Monday 19 January 2009

Why I'm glad Bush is gone

That was a long eight years.

You know, I consider myself a conservative. Fiscally conservative anyhow. Socially, I'm more moderate. Many die-hard conservatives will always side with the right wing politician in any political debate, and if you look hard enough you can always find a way to glorify your guy and demonize the other guy. However, when you break down the US leadership to it's fundamental components it is clear that Bush has failed miserably as President. Only somebody with ideological blinders on would be able to deny that.

The Economy

Bush claims that he inherited a recession. Whether that is technically true or not, he is leaving the economy is much worse shape than he found it. The building blocks of the financial collapse may have first started getting stacked during the previous administration, but the problems accelerated during W's years, and in large part due to the policies of his administration. And ultimately, the collapse happened under his watch. The buck stops with him, right? Worse, the US is poorly positioned to combat another recession because ...

Dubya also inherited a budget surplus, which he has turned into a trillion dollar deficit. Yes, 911 changed everything, but consider that much of the accumulated debt under his two terms in office can be chalked up to unsustainable tax cuts, not to fighting terrorism. As a conservative, I am all for tax cuts within a balanced budget situation. Not as a stimulus policy necessarily, but because it's the right thing to do when the government takes in more money than it needs. Low taxes are also good for the long term health of the economy. Deficits are not, however, and the Bush tax cuts were therefore ill-advised.

Bush also spent money like a drunken sailor on shore leave. He did not veto a single spending bill his entire first term in office. In fact, he did not veto anything until a bill on stem cell research crossed his desk in his second term*. In other words, prudent fiscal management was a lower priority for Bush than blocking life-saving research because of social ideology.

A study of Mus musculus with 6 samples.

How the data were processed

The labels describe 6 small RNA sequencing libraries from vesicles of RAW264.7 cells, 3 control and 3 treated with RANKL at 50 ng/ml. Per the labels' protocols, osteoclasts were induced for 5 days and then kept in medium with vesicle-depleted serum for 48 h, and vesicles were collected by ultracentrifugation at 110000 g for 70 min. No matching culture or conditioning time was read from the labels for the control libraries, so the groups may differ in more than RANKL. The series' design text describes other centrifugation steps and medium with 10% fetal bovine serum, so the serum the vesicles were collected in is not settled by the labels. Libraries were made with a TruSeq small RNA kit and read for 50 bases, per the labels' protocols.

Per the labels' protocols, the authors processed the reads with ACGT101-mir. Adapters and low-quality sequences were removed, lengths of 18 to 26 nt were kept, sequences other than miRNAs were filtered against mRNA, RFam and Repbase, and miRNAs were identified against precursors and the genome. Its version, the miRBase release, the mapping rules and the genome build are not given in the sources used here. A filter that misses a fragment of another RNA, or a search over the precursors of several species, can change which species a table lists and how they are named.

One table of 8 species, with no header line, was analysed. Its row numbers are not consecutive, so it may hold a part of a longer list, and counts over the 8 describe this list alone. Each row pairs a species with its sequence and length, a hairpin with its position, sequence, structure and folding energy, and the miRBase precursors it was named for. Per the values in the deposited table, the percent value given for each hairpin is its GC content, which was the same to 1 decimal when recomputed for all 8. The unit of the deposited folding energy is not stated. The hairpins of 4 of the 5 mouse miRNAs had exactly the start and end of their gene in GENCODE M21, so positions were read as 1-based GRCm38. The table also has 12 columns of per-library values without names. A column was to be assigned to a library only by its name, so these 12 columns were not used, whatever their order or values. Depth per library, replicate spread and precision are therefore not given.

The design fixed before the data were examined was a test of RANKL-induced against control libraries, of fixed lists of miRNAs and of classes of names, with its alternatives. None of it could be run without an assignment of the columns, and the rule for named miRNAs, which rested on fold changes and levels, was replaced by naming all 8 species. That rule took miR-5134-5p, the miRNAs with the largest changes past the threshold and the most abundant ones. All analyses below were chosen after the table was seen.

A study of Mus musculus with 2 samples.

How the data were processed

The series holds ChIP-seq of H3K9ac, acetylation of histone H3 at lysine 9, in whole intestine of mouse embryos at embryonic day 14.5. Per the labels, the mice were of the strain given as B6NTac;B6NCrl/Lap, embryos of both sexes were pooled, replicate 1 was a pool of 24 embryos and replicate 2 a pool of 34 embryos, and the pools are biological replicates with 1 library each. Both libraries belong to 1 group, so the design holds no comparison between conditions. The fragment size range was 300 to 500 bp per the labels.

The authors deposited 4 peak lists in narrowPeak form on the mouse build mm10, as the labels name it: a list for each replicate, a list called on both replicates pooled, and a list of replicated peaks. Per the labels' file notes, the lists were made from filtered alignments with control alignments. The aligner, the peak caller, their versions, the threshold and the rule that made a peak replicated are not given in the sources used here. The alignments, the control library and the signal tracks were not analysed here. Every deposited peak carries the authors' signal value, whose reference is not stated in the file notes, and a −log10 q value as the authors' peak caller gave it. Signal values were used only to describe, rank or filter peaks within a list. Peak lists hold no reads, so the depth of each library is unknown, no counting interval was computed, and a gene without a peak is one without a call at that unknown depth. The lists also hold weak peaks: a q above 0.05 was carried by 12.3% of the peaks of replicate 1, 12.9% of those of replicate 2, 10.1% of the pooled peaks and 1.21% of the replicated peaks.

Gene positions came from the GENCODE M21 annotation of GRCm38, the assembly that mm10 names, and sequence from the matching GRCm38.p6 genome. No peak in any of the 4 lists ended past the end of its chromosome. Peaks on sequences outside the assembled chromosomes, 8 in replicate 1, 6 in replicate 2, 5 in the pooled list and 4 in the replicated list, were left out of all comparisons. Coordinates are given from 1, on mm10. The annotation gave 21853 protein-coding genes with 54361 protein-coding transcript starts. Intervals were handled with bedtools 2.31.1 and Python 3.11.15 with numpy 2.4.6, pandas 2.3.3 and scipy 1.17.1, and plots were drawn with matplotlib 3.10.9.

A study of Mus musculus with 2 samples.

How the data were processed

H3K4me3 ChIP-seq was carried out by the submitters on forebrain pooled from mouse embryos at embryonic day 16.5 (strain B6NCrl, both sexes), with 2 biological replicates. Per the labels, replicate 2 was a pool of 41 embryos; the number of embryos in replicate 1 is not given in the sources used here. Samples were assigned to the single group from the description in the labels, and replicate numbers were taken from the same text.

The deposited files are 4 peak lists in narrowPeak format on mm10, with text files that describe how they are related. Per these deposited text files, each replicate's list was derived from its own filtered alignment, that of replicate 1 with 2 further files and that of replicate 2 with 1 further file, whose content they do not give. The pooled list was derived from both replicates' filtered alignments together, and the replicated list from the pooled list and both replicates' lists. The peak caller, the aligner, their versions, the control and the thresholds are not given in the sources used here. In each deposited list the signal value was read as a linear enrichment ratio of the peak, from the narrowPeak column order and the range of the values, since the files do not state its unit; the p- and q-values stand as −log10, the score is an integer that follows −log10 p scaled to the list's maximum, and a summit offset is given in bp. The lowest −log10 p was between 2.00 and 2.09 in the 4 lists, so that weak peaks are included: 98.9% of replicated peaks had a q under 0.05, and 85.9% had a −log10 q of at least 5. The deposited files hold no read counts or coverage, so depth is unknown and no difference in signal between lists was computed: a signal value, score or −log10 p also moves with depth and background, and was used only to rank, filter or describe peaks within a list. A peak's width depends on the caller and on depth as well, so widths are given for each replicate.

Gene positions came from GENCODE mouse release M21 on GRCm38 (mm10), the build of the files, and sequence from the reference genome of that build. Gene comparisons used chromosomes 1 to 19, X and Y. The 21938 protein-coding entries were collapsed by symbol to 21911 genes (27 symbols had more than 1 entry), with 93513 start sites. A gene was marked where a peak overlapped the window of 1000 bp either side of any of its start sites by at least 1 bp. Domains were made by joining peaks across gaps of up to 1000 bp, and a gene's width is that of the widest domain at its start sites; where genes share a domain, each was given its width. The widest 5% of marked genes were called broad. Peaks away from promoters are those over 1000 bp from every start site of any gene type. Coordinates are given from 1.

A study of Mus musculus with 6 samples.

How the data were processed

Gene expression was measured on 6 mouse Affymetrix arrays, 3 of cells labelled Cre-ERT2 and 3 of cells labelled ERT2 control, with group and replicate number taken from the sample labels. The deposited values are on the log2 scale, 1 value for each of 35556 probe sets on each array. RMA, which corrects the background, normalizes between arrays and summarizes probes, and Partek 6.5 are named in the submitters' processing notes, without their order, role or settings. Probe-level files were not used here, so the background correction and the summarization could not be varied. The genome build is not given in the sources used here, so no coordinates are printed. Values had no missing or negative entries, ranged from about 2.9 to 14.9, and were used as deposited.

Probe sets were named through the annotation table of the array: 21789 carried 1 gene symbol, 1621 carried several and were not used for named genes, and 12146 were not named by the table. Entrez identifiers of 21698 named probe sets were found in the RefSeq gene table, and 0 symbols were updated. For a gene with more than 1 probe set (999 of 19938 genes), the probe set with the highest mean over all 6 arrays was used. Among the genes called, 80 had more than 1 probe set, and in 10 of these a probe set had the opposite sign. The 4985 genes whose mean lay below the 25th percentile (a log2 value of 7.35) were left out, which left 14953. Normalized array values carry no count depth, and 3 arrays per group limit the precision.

The other thing that contributed to the huge deficits of course is the "War on Terror". Not so much the war in Afghanistan, but the much more expensive war in Iraq, which brings me to the next major leadership failure:

The War in Iraq

George Bush Sr. should have toppled Saddam when he had the chance back in the first Gulf War, when conditions were much more favourable. He did not because he knew doing so would create a big mess that could take years to mop up. I guess Sr and Jr don't talk about such things at the dinner table. Anyhow, invading Iraq was a policy decision, not a necessity. Iraq was crawling with UN weapons inspectors at the time. Even if they had WMD's, they were in no position to use them against the US, nor did they have any will to. But Bush and his buddies took advantage of 911 to push their agenda into Iraq, and in doing so they neglected priority #1: Afghanistan. This caused several things to happen, including:

1. That six foot four jack-ass Osama Bin Laden and his posse were allowed to get away and are still gaining strength, threatening Afghanistan and killing Canadian soldiers.

2. Iraq has become unstable, allowing Al Qaeda to create a presence there and ethnic tensions to escalate, causing an uncertain future that may end up with a regime that is no better than the one that was toppled, after all is said and done.

3. Violations of human rights by the United States at Abu Ghraib, at home, and at GITMO, destroyed any "moral superiority" that they may have had, inciting people to join the enemy out of hatred for the US, and ultimately putting all western nations and their soldiers more at risk.


The Economy and the War in Iraq are the two big failures of the George Bush legacy. You could find others, like his environmental record, for example, but one last thing I want to pick on is his statesmanship. Here's the thing about his statesmanship: he doesn't have any. As a world leader, he is a joke. He is a spoiled brat with an adopted Texas accent who gives inappropriate back rubs to other world leaders, speaks as though he's talking to 3rd graders, and butchers the English language every step of the way. Combined with his arrogance and selfish policies, the only way he could have left a worse impression upon the world is if he re-instituted slavery.

So there you have it in a nutshell. Don't let the door hit you in the ass on your way out of the White House, Dubya.


Scott MacNeil said...

Well, in a way Dubya did kind of "re-institute slavery". But it was the kind that saw the US middle and underclass's become even more marginalized and alienated from the means of production because his policies only served the narrow interests of America's business-elite and its venture capitalist class.

cherenkov said...

He did stuff for the regular guy. For example, those policies enabled thousands of lower-middle class families to own big houses that would normally be far beyond their means. At least for a little while. They may be living in boxes now, but they'll always remember those two years that they lived like kings, and you can never take that away from them.